I can actually remember a time when there was a thing called an “all-Blue” shop. That was a company that was end-to-end IBM, from the back-end CICS-based transaction system to the messaging middleware to developer toolsets to the terminals and PCs sitting on peoples' desks.
Since Microsoft evolved into an enterprise powerhouse over the past decade, it, too, has aspired to become a one-stop source of tools, platforms, middleware, and applications. Lately, Oracle has made moves in this direction, with its acquisitions of every ERP system under the sun (except SAP), and, as an added measure, grabbed the Sun (Microsystems, that is) as well for its stable of hardware and operating systems.
For IT managers, one-stop shopping has always been a love-hate thing. They love having “one throat to choke” when things go wrong. But with that throat comes lock-in and proprietary systems.
Despite a lot of consolidation taking place in the enterprise software space, the trend in recent years has been toward multi-vendor shops. That point was recently driven home in a Gartner analysis that heralded the end of single-vendor networks within enterprises.
According to Gartner, “most organizations should consider a dual-vendor or multi-vendor solution as a viable approach to building their network, as significant cost savings are achievable with no increase in network complexity, while improving the focus on meeting business requirements.”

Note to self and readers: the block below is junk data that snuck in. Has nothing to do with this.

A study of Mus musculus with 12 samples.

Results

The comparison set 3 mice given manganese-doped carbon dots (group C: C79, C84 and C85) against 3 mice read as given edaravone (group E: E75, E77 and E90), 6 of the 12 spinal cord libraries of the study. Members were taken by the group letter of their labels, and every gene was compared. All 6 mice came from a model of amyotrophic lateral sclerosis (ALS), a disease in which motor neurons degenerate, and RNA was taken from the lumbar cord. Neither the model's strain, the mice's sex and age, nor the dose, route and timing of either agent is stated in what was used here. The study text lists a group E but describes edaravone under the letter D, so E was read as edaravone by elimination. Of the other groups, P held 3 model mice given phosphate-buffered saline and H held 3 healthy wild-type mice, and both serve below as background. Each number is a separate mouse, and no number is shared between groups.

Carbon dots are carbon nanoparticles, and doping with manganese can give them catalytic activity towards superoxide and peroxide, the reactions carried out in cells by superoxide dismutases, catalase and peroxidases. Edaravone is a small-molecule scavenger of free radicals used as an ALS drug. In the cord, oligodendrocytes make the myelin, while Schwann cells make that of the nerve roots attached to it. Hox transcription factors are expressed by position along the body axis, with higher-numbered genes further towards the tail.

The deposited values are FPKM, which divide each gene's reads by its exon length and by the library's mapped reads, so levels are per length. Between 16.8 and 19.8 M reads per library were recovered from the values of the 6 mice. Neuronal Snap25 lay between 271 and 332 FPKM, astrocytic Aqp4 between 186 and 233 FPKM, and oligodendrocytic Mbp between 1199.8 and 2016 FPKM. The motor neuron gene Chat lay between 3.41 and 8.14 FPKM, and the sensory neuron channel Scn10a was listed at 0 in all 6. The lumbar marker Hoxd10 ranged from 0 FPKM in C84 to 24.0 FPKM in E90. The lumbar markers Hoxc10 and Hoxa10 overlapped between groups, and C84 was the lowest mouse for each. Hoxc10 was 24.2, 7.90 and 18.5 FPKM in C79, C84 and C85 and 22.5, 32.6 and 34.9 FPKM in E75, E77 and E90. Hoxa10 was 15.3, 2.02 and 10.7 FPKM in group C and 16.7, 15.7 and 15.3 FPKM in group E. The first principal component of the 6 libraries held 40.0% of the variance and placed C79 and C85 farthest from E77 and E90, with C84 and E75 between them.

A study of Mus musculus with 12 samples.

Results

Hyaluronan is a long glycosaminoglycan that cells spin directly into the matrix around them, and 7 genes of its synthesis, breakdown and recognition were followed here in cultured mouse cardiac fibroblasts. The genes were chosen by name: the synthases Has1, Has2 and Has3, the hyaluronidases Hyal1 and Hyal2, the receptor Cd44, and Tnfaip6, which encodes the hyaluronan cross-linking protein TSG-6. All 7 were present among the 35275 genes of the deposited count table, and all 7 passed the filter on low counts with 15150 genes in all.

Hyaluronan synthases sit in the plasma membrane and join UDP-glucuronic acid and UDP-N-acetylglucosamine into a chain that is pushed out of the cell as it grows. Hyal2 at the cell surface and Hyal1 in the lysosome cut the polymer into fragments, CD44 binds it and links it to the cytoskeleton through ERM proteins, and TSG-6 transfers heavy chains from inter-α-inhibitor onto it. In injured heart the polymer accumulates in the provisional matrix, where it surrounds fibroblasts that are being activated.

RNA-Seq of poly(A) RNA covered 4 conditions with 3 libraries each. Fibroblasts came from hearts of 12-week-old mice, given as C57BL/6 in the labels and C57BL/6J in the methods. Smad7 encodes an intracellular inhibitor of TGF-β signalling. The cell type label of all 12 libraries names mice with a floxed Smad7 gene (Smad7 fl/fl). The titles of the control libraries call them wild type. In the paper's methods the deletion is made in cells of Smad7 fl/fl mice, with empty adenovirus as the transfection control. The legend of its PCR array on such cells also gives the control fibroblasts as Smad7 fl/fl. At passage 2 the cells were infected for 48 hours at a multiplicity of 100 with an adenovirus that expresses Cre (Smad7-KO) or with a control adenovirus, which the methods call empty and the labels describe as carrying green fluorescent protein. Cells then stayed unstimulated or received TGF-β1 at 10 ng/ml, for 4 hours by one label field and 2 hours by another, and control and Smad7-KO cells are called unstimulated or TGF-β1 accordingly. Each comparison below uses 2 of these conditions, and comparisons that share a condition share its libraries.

Having additional vendors on board will not increase costs and, in fact, may reduce total cost of ownership by at least 15% to 25% over a five-year timeframe.
Gartner's analysis was meant as a slap at Cisco, but the lessons provided actually make a good case for multi-vendor approaches to all levels of the IT stack. Consider these advantages:
• Negotiating power: Having multiple options puts your company in a stronger position on pricing and service bundles.
• Second sourcing: As any purchasing manager will tell you, it's always a good idea to have a second source of solutions, just in case the prime vendor decides it no longer wants to be in a certain line of business, or even goes out of business.
• More motivation to standardize: Having multiple vendors will justify efforts to adopt industry standards and protocols across the board— always a good thing to ensure more flexibility and agility, as well as opening up the talent pool to maintain your systems.
The bottom line is that the IT industry has become highly diverse and fragmented, and gone are the days where a single vendor—or even limiting engagements to two or three vendors—is a viable strategy. With the rise of industry standards and approaches such as Web standards and cross-platform languages, enterprises can choose from the best and brightest solutions available at the time. And vendors will need to work hard for your business.
Joe McKendrick is an author, consultant, blogger and frequent INN contributor specializing in information technology.
Readers are encouraged to respond to Joe using the “Add Your Comments” box below. He can also be reached at firstname.lastname@example.org.